Contact Information: Leo Kay, Press Office, 415/744-2201

     SAN FRANCISCO   The U.S. Environmental Protection Agency and the Navy recently signed an agreement that sets enforceable deadlines and a formal regulatory framework for the Superfund cleanup of the 12,800-acre Concord Naval Weapons Station in California.
     The pact, known as a "federal facility agreement," includes a listing of environmental documents that have been or will be prepared, an enforceable schedule for environmental investigation and cleanup work, and a process for dispute resolution.

     "This agreement will provide us with a useful tool in helping EPA to continue to provide oversight of the Navy cleanup of Concord Naval Weapons Station," said Keith Takata, director of the EPA's regional Superfund program.  "The EPA, the state and the Navy will work together  to ensure that the necessary response actions are taken to clean up the site."
     The federal facilities agreement is available for review during a public comment period that ends Sept. 10.  The document is available at the Contra Costa County Library main branch and also from the EPA by calling 1-800-213-3075.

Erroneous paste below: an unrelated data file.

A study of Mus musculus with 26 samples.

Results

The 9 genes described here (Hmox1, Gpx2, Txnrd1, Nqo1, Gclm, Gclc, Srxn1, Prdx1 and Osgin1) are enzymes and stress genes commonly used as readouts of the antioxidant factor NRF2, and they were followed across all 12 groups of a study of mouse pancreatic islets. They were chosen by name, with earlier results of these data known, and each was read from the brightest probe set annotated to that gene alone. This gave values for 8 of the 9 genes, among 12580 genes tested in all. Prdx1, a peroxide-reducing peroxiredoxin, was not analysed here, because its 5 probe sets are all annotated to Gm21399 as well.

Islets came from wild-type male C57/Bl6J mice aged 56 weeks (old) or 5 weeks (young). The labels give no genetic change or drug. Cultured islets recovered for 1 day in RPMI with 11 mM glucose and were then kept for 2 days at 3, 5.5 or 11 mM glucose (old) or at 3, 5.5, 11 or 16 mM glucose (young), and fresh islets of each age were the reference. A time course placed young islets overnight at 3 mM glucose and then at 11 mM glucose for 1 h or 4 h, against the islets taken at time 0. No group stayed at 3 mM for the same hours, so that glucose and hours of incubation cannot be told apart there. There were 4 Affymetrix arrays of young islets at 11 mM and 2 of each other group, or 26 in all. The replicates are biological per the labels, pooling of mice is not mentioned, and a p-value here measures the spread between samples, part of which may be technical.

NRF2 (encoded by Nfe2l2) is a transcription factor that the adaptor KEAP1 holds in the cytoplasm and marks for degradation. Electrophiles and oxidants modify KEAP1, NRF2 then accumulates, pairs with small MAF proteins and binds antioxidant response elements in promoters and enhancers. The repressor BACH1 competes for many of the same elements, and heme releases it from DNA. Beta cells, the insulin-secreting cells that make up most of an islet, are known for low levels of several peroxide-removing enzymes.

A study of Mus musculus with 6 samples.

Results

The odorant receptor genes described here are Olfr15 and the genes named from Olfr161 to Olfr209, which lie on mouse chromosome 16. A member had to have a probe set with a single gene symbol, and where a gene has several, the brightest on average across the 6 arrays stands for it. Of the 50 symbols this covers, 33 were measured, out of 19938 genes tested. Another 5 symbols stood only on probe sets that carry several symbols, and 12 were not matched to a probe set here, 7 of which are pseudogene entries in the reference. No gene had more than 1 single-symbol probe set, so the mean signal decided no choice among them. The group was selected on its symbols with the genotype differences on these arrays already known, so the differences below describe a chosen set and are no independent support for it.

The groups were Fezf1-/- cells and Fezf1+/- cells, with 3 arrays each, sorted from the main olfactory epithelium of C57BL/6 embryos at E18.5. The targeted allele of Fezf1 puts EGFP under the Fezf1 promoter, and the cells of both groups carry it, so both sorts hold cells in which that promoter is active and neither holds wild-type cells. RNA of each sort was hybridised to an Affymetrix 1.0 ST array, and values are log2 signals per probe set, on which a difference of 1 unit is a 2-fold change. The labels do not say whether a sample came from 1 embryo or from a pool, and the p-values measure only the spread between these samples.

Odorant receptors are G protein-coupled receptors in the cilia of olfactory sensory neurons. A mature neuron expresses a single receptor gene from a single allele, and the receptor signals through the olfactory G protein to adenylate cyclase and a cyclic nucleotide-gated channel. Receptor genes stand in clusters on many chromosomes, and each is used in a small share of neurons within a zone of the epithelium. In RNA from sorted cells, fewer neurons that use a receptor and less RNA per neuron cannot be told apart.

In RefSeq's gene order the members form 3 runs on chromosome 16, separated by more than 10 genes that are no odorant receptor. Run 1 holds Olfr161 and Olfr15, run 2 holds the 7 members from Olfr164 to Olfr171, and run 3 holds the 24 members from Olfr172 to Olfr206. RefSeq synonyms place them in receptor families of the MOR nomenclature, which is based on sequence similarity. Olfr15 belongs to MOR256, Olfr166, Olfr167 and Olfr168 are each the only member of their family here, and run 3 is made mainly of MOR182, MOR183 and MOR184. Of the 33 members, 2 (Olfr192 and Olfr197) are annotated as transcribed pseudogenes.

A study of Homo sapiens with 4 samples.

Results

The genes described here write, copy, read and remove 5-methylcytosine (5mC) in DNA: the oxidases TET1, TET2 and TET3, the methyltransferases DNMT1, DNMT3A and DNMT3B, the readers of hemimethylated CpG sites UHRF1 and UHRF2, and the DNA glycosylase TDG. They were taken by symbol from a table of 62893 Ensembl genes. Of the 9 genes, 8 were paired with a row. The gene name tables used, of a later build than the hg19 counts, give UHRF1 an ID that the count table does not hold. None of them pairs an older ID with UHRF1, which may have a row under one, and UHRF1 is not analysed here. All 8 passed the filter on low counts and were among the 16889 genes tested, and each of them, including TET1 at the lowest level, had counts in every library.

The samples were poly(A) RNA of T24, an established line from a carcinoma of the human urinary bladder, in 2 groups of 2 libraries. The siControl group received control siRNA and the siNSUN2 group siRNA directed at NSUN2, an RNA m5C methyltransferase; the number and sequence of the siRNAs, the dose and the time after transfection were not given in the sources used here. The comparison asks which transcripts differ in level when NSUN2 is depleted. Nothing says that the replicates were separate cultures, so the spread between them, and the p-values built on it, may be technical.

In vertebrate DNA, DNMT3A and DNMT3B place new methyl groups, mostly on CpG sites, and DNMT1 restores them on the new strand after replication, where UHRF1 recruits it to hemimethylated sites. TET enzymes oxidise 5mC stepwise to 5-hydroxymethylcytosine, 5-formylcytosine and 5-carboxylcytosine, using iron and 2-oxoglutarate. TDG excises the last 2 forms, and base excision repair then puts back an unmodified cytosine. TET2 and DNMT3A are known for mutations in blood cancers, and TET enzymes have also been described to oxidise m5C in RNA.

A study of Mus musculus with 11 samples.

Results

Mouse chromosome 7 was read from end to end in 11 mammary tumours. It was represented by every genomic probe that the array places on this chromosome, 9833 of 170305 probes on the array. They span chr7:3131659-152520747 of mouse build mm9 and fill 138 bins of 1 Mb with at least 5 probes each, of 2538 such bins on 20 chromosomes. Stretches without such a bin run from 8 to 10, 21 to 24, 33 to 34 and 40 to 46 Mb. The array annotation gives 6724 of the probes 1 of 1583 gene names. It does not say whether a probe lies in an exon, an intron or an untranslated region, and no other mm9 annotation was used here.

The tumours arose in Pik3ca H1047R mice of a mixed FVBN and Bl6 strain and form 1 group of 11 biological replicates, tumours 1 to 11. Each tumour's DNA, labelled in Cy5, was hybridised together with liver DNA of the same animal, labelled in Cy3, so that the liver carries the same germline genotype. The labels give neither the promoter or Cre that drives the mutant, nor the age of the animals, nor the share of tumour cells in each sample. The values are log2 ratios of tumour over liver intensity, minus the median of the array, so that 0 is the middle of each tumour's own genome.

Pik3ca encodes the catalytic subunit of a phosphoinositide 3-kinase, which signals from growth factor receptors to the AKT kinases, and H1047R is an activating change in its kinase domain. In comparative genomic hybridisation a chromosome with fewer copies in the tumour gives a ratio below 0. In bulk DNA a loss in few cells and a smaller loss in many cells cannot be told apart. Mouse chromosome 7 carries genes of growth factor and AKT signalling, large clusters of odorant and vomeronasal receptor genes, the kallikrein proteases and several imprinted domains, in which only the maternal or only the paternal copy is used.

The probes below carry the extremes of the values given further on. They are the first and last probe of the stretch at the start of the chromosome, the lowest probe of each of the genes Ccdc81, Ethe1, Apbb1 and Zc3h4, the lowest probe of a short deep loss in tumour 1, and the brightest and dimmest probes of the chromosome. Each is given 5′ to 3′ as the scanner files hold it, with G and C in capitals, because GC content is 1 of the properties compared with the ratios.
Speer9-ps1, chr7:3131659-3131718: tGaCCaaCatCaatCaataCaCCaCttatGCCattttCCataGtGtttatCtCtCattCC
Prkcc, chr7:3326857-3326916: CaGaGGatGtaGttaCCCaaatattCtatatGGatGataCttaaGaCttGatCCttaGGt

As part of the agreement,the Navy and the EPA will establish by Aug. 13 the schedule for the remaining cleanup activities to be performed at the site.

     The U.S. EPA designated the weapons station, which  has been used for munitions shipment and storage, as a federal Superfund site in 1992.   Its soil, sediments, and surface water are contaminated with heavy metals including zinc, copper, lead, cadmium, and arsenic, as well as pesticides.  Ingesting or coming into direct contact with contaminated soil, sediment, or surface water may pose a potential health threat, as well as a risk to area wetlands and endangered species such as the Salt Marsh Harvest Mouse and the California Clapper Rail.